Extending Erasmus: a new impetus for youth mobility in Europe
Published on the ocasion of the 30 years of Erasmus, this policy paper by Yves Bertoncini and Sofia Fernandes presents an overview of the evolution of the Erasmus programme since 1987 and highlights the success of the “Erasmus spirit”, which is reflected in the Europeanisation of university courses and the development of non-academic mobility.
30 years after it was launched by the European Commission led by President Jacques Delors in June 1987, the “Erasmus” programme has become one of the most emblematic “brands” of the EU, a legacy that deserves to flourish giving a new impetus to youth mobility in Europe. While many technical and statistical assessments have already been carried out to evaluate Erasmus’ impact on the employability of its beneficiaries or their open-mindedness about European citizenship, it might be worthwhile, on the occasion of the programme’s 30th anniversary, to put into historical perspective its political repercussions and to outline its future.
This policy paper by Yves Bertoncini, our director,and Sofia Fernandes, senior research fellow at the Jacques Delors Institute, presents an overview of the quantitative and qualitative evolution of the Erasmus programme over the last three decades. Secondly, we will highlight the success of the “Erasmus spirit”, which is reflected in the Europeanisation of university courses and the development of non-academic mobility, an indispensable component to diversifying the profile of beneficiaries of the EU’s mobility programmes.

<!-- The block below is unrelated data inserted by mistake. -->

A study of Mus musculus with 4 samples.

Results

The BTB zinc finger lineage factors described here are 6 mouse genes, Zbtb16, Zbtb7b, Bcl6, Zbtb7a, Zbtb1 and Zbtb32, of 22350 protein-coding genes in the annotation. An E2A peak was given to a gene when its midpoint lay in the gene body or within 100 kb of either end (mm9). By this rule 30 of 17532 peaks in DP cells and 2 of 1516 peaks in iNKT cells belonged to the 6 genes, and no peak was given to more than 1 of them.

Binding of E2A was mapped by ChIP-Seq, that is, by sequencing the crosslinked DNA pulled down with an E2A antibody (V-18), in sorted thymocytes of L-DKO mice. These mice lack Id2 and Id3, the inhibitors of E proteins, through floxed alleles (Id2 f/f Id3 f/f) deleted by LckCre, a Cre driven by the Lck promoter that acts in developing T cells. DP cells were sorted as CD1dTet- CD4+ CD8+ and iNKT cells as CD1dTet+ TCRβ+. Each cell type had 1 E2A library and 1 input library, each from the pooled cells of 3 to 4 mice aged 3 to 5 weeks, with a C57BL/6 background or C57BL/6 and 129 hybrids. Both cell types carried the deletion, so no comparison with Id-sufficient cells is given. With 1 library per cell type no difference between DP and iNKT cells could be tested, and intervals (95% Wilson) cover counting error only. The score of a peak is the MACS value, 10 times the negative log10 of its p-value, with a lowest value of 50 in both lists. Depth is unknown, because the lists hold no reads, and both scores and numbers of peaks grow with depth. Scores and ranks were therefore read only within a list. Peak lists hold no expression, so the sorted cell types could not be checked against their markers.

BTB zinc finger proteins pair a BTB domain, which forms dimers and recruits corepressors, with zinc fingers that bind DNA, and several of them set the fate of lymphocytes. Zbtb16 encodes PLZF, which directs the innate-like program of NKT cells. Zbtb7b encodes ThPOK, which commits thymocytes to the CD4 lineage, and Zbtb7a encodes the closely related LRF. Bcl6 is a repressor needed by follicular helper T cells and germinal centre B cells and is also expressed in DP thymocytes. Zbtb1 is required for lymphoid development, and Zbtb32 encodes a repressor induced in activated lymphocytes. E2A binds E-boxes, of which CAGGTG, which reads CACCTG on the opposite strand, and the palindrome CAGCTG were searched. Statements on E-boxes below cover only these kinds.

1. 3244 pioneers received Erasmus grants in 19971998. Today almost 300000 young academics benefit every year. Erasmus has expanded considerably since 1987 and has paved the way for the creation of other mobility programmes aimed at pupils in secondary education, those in vocational education and training, volunteers, etc. In 2014, all these European mobility programmes were brought together within the framework of a new “”Erasmus+” programme.
2. Erasmus should be perceived and promoted as part of a broader Europeanisation of academic curricula, which is increasingly reflected in the possibility of pursuing all of one’s education and training in another EU country (rather than in “exchanges”). Currently, 10 % of European graduates have a study period abroad.
3. Further efforts are needed as member states have set themselves the target of 20 % of tertiary graduates completing part of their studies abroad by 2020.
4. It is also necessary to ensure qualitative improvements, in particular in terms of the target audience. Only 1% of European apprentices (for a target of 6% by 2020) are currently opting for a stay abroad during their training.
5. Last but not least, encouraging young people’s mobility in Europe must be achieved through increased support for experiences outside the formal education system, which may be more attractive to their potential beneficiaries, not least because they are less “constraining” than a study period in another EU country.